Mozambique Tilapia, Oerochromis mossambicus: The Mozambique Tilapia is a member of the Cichlidae Family, which consists of fresh and brackish water species which are known in Mexico as tilapia and mojarras de aqua dulce.
The Cichlidae Family is a large family with more than 700 individual species. They are endemic to Africa and have been introduced to lakes and streams of Central America, South America, and India and are farmed commercially. They typically have a deep, compressed body, a long dorsal fin base, and a lateral line that is interrupted and offset.
They have highly evolved reproductive strategies being either mouth brooders, substrate brooders, or a combination of mouth and substrate brooders.
The adult Mozambique Tilapia has an overall "bluegill profile" with three or four black spots on the sides (as pictured below) and a rounded caudal fin. A key to identification is that the Mozambique Tilapia has 16 to 22 gill rakers. It is capable of living and breeding in fresh, brackish, or salt water, thriving in slow moving water of 30 degrees centigrade.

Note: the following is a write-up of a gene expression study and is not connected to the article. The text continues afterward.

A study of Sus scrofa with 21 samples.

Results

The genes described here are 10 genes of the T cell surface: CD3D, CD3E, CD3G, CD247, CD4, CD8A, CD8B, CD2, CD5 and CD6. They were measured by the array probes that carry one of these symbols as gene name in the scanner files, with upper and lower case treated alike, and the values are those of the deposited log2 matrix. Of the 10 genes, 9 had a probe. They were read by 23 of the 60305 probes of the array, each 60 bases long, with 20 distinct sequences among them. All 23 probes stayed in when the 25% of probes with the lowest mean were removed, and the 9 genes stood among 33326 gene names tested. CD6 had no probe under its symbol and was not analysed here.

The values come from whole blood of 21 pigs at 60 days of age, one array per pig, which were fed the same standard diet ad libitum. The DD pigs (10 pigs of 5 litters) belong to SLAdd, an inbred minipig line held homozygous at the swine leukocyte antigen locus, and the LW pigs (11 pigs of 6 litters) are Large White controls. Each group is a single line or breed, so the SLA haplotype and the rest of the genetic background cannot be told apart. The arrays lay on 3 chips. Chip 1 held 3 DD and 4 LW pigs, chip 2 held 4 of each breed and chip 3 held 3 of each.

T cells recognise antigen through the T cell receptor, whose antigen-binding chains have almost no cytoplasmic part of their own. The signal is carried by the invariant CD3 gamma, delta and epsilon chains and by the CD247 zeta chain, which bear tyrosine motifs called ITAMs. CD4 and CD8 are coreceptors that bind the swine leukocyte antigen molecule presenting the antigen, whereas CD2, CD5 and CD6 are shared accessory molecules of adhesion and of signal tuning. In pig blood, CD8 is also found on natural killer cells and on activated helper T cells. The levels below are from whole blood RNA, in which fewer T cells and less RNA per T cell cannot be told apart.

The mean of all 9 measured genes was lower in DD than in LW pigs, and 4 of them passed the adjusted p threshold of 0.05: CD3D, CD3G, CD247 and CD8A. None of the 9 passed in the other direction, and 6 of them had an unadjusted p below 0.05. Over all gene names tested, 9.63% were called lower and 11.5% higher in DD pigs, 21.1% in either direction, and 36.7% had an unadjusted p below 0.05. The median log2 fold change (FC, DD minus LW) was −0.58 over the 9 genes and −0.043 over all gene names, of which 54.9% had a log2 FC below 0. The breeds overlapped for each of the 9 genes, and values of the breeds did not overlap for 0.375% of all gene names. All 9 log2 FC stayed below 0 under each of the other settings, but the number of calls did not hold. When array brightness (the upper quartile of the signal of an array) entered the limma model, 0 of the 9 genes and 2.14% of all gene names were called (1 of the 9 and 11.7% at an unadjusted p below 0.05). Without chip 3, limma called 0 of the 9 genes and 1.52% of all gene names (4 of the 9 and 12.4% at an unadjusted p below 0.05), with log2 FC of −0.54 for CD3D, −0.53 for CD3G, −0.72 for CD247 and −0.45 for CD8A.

This fish species is found in all coastal Mexican fresh water streams that do not drop below 11 degrees centigrade. It reaches a maximum size of 11 inches but is more common 5.5 to 10 inches.
It is considered to be an opportunistic omnivore, being partially herbivores and also consuming aquatic insects, isopods, and small fish. The Mozambique Tilapia is considered to be an undesirable exotic and release into the wild is discouraged.